Spinal disc herniation is also known as a slipped disc. Common in people, likewise dogs can suffer from this condition. The clinical signs from a slipped disc depend on the location of the injury. A disc injury in the lower back can cause problems in the hind quarters; where as an injury in the neck can cause problems in all limbs.
Unfortunately this type of injury can happen repeatedly in different vertebrae especially in breeds that are predisposed. Dwarf breeds with long bodies and short legs such as Basset hounds, Dachshunds and Pekingese are prone to disc extrusion, where discs deteriorate and calcify as early as one year of age. Large breed dogs like Labradors, German Shepherds and Doberman Pinschers are more prone to disc protrusion, similar to that seen in people.
With spinal injuries, neurological function is lost in a specific order and recovery is greatly influenced by prompt medical attention. There are warning signs to look out for. These include: Shivering, especially when combined with unusual inactivity. Refusal to get up and play even for food. Yelping when you pet or try to pick up your dog. Refusal to bend down for food or water, limping of any kind and dragging of the back legs. You may also notice a change in posture, a pulled in head or arched back or movement that doesn’t look completely under control.
If your dog shows any of these signs call your vet immediately. In the case of dragging the back legs or showing any signs of paralysis or severe pain drive immediately to your vet or nearest emergency facility. Do not wait. The sooner you seek medical attention the better the chances for your dog. Even dogs who experienced total paralysis when treated immediately had a 50% success rate of restoring function. There is a 90% success rate for those dogs who were experiencing pain but only a 5% success rate of restoring function when the owner waited 24hours to seek medical help.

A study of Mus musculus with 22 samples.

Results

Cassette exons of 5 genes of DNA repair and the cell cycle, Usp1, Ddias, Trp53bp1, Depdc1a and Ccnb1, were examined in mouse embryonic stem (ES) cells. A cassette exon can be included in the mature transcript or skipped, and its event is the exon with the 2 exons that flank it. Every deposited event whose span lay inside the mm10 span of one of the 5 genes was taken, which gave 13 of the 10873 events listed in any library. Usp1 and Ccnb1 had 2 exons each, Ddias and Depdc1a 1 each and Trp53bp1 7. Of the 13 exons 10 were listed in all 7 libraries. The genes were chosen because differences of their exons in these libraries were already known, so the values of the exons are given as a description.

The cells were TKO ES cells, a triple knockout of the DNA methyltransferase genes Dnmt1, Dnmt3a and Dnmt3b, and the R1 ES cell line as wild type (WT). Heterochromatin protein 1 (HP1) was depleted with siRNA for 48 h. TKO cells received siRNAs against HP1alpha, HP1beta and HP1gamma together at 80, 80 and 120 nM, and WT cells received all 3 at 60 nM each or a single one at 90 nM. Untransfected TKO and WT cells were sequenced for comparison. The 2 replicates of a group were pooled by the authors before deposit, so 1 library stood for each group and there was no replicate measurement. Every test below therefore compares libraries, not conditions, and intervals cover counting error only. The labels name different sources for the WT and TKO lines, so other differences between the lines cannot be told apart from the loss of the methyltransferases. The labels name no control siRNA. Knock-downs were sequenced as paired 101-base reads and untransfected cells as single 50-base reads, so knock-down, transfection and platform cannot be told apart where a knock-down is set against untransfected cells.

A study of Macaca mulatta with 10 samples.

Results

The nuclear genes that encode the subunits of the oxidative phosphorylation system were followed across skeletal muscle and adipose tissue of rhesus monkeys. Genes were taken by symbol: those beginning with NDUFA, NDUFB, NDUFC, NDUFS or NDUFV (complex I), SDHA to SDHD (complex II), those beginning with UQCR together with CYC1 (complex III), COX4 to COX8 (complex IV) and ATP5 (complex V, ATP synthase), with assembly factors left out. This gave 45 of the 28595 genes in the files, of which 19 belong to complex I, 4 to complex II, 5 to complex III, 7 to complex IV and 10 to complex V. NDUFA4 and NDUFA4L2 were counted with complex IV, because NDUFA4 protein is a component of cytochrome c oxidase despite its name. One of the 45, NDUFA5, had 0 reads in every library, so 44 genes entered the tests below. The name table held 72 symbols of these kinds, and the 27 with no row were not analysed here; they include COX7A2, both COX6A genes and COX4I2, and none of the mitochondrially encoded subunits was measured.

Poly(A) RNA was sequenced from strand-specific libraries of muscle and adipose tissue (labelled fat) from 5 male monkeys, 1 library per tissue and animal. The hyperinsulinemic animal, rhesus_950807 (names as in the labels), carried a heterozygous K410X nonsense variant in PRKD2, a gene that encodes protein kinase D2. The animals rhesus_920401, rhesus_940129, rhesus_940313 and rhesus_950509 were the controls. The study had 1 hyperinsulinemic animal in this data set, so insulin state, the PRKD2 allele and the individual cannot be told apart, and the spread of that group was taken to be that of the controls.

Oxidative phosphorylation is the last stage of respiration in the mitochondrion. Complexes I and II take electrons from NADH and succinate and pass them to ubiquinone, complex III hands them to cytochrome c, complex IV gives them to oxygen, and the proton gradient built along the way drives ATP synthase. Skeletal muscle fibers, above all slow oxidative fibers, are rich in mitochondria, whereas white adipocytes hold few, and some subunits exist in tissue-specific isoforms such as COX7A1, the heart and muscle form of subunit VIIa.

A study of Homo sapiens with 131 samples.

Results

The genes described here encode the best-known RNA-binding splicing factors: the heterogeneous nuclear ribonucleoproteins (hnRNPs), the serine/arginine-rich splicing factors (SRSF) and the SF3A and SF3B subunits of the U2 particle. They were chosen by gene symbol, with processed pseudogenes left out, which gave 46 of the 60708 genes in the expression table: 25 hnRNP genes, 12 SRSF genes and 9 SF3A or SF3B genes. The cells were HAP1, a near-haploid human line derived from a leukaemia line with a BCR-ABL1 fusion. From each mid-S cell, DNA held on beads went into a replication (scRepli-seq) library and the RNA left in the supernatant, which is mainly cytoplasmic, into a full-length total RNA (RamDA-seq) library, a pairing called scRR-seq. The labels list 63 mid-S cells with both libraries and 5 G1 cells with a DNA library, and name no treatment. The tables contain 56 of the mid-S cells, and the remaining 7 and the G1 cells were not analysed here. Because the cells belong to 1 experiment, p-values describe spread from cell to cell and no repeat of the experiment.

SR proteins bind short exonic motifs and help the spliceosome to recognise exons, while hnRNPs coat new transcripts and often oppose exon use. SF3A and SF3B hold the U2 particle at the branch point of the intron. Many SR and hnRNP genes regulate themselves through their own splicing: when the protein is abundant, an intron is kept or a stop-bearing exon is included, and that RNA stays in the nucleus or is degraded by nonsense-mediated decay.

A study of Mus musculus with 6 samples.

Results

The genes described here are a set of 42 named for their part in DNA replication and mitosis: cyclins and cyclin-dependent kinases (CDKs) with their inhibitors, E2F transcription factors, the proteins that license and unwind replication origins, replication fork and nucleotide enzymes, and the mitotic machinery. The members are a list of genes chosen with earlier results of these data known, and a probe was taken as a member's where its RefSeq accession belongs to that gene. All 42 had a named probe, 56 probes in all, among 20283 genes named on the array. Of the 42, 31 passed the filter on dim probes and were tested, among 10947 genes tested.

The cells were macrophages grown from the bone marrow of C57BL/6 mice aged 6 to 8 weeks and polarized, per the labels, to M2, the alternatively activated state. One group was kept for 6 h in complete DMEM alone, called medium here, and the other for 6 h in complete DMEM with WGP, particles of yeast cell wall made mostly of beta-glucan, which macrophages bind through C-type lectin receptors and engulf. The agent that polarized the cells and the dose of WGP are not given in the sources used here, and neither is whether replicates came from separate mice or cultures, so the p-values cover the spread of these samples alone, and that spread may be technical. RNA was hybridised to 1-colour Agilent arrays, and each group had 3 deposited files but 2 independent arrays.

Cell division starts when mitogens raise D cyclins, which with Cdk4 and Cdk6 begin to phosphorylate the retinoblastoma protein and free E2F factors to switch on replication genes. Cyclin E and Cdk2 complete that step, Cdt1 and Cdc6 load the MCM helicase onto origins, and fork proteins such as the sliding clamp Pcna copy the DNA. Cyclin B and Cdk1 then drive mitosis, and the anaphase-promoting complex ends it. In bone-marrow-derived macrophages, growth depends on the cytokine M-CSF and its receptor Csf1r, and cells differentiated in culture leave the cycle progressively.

Treatment depends on the degree and duration of neurological dysfunction. Rehabilitation is an essential part of spinal injury treatment. Depending on the cause of the injury treatment may be crate rest, physical therapy, surgery or supportive care. Supportive care is often the only option and is done through physical therapy. Swimming can help and acupuncture has also been known to ease pain and increase mobility. The aim is to strengthen muscles and the neurological function in your dog. A lean, well-muscled and fit dog is better able to recover from injuries if they occur.
Quincy Dogs Spero Harness is a simple yet amazing product designed in a way to help with this condition. It enables you to take 20% – 30% of the weight off your dogs back legs, allowing your dog to walk further. This in turn helps start the process of rebuilding muscles. With spinal cases by lifting up the handles on the back you also straighten the spine slightly, making it more comfortable for your dog.
Take a look at the video below showing Snoopy. Snoopy underwent an operation on the whole of his spine. The video demonstrates the difference the Spero harness made to Snoopy. The owner started by using a strap bought from his vets for around £45. As the owner lifted Snoopy the strap tightened around his belly. The second half of the clip demonstrates the first time Snoopy used the Spero harness.